Wally the emotional support alligator missing after trip to Georgia

Above: A previous interview with Wally and his owner.

PHILADELPHIA, Pa. (WPHL) – Philadelphia’s favorite emotional support alligator, Wally, has gone missing.

Wally, who became a viral sensation last year, was last seen on April 21, according to statements posted to his official Facebook account. Wally’s owner Joie Henney was vacationing in Brunswick, Georgia, with his emotional support pet when the alligator was reportedly stolen from his enclosure.

“I want to thank everyone for their support and their concern,” Henney wrote on Facebook. “Wally is very important to me as well as to a lot of other people that he makes happy and puts joy in their hearts.”

The administrator of Wally’s official Facebook page has since alleged that Wally was “was stolen by some jerk who likes to drop alligators off into someone’s yard to terrorize them.”

She went on to claim that officers from Georgia’s Department of Natural Resources (DNR) were alerted by a homeowner to the gator in their yard, and, not knowing it was Wally, trapped him and dropped him in a swamp with other gators.

“The swamp is very large and the trapper said the chances of them finding Wally is slim to none,” she wrote on Facebook. Henney and some of his friends had also traveled to the swamp to begin their own search.

Wally had not been found as of Tuesday, according to updates posted to Facebook. A fundraiser was also organized to cover Henney’s expenses during the search.

Wally the emotional support alligator attends Flyers game

Over at Wally’s Facebook group, hundreds of people have been expressing their support for the missing gator and praying for his safe return.

Wally is believed to be the world’s only emotional support alligator, and was a finalist in the America’s Favorite Pet competition, and even inspired Alligator Loki in the Marvel franchise.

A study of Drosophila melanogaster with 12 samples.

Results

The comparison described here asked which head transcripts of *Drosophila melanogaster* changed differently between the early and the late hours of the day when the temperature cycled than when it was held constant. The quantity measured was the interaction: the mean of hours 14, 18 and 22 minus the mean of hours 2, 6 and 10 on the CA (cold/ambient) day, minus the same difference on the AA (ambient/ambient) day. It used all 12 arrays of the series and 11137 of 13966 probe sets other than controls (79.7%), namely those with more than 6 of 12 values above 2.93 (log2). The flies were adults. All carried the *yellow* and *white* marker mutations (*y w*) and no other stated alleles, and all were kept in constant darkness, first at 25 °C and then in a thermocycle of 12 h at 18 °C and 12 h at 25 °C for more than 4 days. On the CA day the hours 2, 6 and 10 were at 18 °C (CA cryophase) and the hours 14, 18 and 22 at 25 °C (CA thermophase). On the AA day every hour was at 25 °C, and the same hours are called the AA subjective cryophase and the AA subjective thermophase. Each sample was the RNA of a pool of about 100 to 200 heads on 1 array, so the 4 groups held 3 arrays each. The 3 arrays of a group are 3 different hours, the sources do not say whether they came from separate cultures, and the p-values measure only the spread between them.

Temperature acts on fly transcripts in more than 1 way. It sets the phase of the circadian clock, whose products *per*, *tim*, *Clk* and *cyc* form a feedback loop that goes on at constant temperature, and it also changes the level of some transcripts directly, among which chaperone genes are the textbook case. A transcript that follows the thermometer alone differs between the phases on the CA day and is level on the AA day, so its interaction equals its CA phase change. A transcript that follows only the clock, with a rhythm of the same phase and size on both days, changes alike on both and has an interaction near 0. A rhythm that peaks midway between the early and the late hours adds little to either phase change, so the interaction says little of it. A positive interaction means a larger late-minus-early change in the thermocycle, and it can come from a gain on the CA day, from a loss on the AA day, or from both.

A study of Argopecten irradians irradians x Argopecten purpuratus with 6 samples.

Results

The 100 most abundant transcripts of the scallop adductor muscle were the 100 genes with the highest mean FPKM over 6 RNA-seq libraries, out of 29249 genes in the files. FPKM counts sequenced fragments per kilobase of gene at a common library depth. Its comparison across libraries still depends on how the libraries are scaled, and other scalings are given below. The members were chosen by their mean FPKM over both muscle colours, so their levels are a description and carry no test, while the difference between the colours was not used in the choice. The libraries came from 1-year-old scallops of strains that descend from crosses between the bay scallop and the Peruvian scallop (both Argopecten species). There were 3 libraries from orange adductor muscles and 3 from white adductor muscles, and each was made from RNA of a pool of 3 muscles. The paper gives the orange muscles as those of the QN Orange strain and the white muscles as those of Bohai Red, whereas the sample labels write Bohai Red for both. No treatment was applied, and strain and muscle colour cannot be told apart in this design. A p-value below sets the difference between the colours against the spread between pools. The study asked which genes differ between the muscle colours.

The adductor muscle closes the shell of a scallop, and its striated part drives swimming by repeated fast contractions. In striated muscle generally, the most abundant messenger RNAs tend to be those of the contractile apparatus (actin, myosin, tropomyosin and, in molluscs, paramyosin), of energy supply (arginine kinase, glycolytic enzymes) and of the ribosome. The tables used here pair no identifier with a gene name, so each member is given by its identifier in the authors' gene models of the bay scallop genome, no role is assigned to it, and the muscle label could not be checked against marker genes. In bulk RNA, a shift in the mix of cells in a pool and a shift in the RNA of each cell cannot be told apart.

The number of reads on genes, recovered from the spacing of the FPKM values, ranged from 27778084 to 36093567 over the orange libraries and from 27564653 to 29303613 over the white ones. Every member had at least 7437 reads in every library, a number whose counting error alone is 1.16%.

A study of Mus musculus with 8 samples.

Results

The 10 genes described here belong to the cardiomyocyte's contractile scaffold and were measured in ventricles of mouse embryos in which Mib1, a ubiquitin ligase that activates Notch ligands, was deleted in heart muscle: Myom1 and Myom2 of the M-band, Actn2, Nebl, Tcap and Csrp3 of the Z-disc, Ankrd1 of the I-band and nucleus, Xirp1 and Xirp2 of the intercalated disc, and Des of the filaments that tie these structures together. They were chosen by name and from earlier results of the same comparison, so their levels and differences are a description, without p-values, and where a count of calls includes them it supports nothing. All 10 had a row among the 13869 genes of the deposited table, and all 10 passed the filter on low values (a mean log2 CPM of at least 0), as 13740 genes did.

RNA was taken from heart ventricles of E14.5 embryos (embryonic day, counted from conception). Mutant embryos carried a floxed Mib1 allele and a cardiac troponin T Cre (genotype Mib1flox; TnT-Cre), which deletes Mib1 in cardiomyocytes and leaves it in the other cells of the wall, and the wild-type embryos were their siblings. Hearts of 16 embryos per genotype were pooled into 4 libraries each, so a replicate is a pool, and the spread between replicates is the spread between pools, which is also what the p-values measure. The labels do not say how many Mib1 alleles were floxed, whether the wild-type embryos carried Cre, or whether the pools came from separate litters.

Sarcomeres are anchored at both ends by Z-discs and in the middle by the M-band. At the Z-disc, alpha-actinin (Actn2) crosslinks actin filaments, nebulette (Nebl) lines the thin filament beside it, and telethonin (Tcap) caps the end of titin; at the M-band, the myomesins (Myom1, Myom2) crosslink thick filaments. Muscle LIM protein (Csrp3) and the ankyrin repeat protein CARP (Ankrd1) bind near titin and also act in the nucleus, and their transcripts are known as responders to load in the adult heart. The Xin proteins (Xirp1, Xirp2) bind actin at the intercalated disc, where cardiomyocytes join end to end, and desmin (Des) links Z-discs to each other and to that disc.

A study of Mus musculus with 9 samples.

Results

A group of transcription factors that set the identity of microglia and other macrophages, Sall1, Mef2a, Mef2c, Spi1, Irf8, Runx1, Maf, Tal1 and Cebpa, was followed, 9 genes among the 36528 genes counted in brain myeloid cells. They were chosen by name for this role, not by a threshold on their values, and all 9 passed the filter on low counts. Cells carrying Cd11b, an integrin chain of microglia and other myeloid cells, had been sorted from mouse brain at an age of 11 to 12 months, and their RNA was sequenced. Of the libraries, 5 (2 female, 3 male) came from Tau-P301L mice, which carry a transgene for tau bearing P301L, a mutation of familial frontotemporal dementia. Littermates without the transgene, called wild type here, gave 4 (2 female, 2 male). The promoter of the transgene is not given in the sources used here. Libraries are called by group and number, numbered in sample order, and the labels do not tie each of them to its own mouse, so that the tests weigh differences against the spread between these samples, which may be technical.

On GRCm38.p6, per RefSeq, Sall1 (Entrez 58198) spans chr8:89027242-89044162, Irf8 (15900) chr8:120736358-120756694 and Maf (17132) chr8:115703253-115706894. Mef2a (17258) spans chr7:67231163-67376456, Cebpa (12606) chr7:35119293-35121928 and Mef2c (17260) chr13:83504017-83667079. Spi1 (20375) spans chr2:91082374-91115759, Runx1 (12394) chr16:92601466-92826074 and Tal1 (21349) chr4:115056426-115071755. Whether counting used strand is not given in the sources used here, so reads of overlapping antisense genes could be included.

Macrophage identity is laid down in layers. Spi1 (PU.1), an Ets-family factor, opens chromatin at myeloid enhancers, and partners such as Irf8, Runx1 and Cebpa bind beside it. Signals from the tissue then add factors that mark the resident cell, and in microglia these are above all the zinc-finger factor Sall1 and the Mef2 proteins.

The first person Wally took care of was Henney himself.

“I lost three family members and four lifelong friends,” Henney said. “That all happened in two weeks, and my doctor wanted to give me antidepressants. I refused,” he said.

Instead, Henney adopted a rescue gator from Florida.

“He was just doing things I had never seen alligators do,” said Henney, who runs a reptile rescue organization.

Recued gators can’t be safely returned to the wild; other gators Henney has rescued have gone to zoos or wildlife refuge parks. But Wally, he kept for himself.

“If I’d lay there and fall asleep, he’d cuddle up beside me, put his head on my shoulder, his arm around me, which I really thought was extremely weird,” Henney said. “And he followed me around like a puppy.”

Henney later registered Wally as an emotional-support animal, figuring that Wally supported him through some of his most difficult times.

Wally’s legend grew, and Henney uses Wally’s charm to raise money for expenses — vet bills, food, and so forth — even though the money doesn’t completely cover the expenses.

You don’t get rich rescuing reptiles, Henney said, “but at least we save their lives.”